SQL Server bulks up
Microsoft's beefy remake brings hefty new capabilities and a slew of new tools to master
To call SQL Server 2000 a 90-pound weakling because it lacks certain high-end features is a bit like calling Hercules a wimp because he never ran a marathon. Not every strongman can perform every feat, and not every company needs every heavyweight feature. Many enterprises, large and small, have been running their businesses on SQL Server for years.
Still, there’s no denying that SQL Server always fell short of Oracle Database when it came to true enterprise features, especially in the areas of high-availability and disaster recovery. Whereas Oracle met the demands of mission-critical, 24/7 operation with features such as online re-indexing, snapshot-based restores, and fail-over log shipping, SQL Server couldn’t provide true zero-percent data loss without the help of third-party solutions. For customers who didn’t need these protections, SQL Server offered a solid database with lower licensing fees. But maintenance-related downtime was a fact of life.
Until now. More than five years in the re-making, SQL Server 2005 not only addresses shortcomings in high-availability and disaster recovery, but brings sweeping improvements in almost every area. Management tasks have been streamlined, and monitoring and diagnostics have been beefed up. A default locked-down configuration, data encryption, and other new features strengthen security. Analysis Services, Reporting Services, and Data Mining are now fully integrated and mature. DTS (Data Transformation Services) has been rewritten from the ground up, emerging as the more powerful and flexible SQL SSIS (Server Integration Services). Integration with Visual Studio and the .Net/CLR opens SQL Server internals to .Net developers and .Net to SQL developers, meaning the power of .Net can now be tapped for stored procedures, data flows and transformations, BI applications, and more (see “Taking the database beyond SQL”).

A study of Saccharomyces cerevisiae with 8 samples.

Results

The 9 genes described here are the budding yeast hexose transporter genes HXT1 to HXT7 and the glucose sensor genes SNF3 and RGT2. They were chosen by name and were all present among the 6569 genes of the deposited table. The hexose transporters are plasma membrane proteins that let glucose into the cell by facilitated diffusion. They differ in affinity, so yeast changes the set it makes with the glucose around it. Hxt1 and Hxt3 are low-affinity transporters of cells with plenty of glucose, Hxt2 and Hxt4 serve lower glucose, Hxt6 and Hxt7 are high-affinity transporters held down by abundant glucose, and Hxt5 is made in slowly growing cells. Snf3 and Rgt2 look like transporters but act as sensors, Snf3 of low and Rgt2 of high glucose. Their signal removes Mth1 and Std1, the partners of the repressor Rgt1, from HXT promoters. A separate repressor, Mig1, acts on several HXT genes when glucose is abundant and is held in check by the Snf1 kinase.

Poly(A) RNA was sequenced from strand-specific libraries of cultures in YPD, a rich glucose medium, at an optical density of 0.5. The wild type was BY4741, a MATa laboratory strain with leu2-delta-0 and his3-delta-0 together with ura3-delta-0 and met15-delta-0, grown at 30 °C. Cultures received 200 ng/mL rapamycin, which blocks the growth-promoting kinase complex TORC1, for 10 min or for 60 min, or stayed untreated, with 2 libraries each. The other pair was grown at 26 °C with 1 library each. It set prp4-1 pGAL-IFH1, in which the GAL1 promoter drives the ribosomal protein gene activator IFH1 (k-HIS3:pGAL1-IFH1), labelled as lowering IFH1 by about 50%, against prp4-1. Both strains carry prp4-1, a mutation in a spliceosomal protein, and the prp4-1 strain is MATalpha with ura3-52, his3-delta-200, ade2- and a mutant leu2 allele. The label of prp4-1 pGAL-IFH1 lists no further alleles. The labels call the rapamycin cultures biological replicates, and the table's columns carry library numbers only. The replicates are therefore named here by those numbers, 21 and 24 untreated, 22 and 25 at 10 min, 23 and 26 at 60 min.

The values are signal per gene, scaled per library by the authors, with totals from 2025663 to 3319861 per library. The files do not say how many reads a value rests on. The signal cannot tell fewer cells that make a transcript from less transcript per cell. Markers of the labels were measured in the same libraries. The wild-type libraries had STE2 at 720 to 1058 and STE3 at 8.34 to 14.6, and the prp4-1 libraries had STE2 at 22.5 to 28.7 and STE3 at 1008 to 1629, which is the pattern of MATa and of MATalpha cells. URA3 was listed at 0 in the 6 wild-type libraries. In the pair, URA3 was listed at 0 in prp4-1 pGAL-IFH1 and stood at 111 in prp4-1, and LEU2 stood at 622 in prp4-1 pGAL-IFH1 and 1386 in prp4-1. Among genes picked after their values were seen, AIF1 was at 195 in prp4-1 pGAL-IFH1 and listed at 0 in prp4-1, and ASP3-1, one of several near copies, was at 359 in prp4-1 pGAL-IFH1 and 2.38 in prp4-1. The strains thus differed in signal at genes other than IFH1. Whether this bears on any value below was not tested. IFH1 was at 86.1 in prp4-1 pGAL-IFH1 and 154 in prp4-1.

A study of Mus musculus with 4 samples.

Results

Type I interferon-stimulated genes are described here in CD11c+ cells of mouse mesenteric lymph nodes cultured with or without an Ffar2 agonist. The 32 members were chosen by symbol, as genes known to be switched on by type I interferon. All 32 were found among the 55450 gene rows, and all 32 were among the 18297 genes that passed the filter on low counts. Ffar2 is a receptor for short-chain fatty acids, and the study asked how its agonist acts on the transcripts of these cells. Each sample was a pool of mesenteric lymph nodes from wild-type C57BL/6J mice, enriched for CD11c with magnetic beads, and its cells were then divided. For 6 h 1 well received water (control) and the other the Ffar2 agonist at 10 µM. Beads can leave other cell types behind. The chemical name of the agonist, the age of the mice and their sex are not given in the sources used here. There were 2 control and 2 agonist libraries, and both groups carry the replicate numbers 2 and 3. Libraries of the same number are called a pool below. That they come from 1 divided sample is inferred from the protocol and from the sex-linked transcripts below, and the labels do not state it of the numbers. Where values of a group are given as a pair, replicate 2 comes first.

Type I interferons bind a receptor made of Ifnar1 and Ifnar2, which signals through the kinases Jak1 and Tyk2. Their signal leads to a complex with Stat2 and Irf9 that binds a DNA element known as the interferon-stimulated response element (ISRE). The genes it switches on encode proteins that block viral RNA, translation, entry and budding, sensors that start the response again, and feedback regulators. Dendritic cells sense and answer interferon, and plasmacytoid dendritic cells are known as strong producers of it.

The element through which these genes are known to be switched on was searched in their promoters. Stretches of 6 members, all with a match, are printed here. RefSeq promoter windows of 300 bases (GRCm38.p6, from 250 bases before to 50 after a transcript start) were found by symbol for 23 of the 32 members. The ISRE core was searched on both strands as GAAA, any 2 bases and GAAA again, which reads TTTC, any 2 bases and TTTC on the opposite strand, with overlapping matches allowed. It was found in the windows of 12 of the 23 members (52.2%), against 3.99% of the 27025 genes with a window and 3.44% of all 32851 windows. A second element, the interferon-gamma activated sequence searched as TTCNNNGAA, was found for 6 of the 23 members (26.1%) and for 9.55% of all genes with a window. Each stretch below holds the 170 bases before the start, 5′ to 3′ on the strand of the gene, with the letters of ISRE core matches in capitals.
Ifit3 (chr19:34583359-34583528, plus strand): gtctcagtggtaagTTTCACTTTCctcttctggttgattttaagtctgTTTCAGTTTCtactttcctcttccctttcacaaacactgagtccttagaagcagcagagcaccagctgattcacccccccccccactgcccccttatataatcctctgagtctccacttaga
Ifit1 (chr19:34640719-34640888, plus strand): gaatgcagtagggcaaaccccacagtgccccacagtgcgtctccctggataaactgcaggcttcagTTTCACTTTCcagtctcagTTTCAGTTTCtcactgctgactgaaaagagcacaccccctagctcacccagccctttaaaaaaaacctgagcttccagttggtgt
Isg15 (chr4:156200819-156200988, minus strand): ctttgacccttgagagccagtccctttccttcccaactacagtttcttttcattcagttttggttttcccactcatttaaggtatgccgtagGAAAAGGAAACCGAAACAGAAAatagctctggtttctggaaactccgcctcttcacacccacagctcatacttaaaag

SQL Server 2005 also promises better performance. I didn’t run performance benchmarks for this review, but in addition to allowing DBAs to partition the database to balance load, Microsoft has done a lot of work to improve memory management, indexing strategies, and query optimization. Users will see the difference.
Many of the changes in SQL Server 2005 will take current SQL developers and DBAs some time to learn. One key high-availability feature, database mirroring, is for practical purposes still “beta.” Microsoft still has work to do, especially in integrating and refining SQL Server’s many tools. Microsoft’s extreme makeover closes the gap between SQL Server and Oracle, however, and makes SQL Server a true contender even for very large databases and the most demanding enterprise environments.
A new way to move your data
SSIS, the revamped set of tools for moving and manipulating data, not only provides greatly enhanced performance, reliability, and functionality over DTS, but also offers many new prebuilt tasks that reduce the amount of coding needed to perform the most common operations, including backing up databases, re-indexing tables, and running integrity checks. More important, SSIS completely changes the modeling paradigm that DTS uses, logically dividing its building blocks into separate control-flow and data-flow components.